Post maternity leave

The first three months of motherhood are often the toughest.  Sleep deprivation combined with postpartum hormones and transitioning to life with a newborn can take a toll.  However, right around the fourth month something magical happens and your baby starts communicating! All the sleepless nights melt away with one smile from your wee one.  Then life plays another trick and suddenly, just when you are getting the hang of things, maternity leave is up and it’s time to go back to work.  Now you are required to juggle work and a family!  Welcome to modern parenting.  

 Whether you have the standard three month FMLA leave or choose to stretch it out later into childhood, going back to work can feel overwhelming.  New responsibilities and time constraints can lead to mental and emotional overload.

There is a bright spot in this cycle.  Mothers are holding executive positions within companies and paving the way toward family-friendly corporate policy.  Men now take an active role in parenting and this is impacting positive change in the work culture as well.  More options are becoming available as companies take notice with how much happier and more productive employees are if they have ownership over how and when they work.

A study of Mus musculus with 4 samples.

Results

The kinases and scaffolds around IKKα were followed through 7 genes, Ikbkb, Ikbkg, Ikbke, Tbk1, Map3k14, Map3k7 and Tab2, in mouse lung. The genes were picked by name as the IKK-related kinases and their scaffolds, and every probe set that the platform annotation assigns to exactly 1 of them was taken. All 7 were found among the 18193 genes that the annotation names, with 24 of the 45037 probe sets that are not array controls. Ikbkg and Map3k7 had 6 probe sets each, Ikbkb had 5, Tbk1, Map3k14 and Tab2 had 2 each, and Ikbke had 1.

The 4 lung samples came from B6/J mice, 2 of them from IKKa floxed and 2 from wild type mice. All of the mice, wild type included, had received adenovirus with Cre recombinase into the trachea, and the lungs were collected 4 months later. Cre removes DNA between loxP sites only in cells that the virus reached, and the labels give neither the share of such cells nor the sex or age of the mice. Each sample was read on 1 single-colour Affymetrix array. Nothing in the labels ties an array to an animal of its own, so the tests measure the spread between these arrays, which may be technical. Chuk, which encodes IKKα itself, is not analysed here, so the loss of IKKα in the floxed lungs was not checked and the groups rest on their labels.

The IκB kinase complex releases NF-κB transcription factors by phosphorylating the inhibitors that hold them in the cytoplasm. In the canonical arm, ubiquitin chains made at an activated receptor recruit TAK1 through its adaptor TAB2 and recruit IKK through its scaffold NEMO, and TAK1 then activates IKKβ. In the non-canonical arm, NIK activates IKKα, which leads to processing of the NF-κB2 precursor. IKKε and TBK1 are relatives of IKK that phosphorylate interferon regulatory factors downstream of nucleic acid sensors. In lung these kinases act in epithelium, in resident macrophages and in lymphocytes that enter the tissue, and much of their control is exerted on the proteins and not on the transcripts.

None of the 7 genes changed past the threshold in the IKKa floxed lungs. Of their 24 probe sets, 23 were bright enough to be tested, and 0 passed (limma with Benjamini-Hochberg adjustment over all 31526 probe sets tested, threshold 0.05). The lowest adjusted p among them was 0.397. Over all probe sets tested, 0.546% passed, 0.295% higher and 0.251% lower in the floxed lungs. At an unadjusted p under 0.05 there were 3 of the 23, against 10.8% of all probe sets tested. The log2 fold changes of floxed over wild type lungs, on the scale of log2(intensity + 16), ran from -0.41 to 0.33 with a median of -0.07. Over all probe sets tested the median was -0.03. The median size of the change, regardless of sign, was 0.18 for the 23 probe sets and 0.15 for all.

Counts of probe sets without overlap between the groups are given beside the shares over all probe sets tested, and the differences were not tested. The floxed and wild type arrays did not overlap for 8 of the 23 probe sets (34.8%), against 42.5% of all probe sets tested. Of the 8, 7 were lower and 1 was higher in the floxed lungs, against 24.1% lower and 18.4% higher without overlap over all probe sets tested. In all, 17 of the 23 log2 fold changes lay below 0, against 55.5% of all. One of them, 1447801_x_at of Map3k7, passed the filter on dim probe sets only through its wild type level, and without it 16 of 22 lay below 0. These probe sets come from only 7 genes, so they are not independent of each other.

• ROWE, which stands for Results Only Work Environment, is one option where employees are paid only for results and not the number of hours logged.
  • Compressed schedules allow for longer days and a shorter work week.  Many companies are offering “Summer Fridays” with a shorter workday.
  • A Job Share is an arrangement where two employees agree to take on a reduced schedule to share the load of one full time position.
  • With a Flex Schedule, you can work around your child’s calendar by coming in early, late, or on weekends.
  • Freelance is a great way to choose when and what projects you want to undertake.
  • Some companies will offer reduced hours, or a Return-ship, as a way to reenter the workforce after an extended leave.
  • Telecommuting allows for the freedom to work anywhere and cuts out commute time. You may feel the need to get out of the house in order to stay focused.  A coffee shop is always an option and some have designated children’s areas, allowing parents the space to work.  Shared work spaces are popping up in urban areas and many include daycare to keep children close.


Try negotiating with your employer by presenting the benefit this new schedule will bring to the company.  Going back to work creates a different perspective on work life balance, priorities, and time management.  Mothers have always known how to get it all done and with these policies in place, the glass ceiling is ready to be raised once and for all.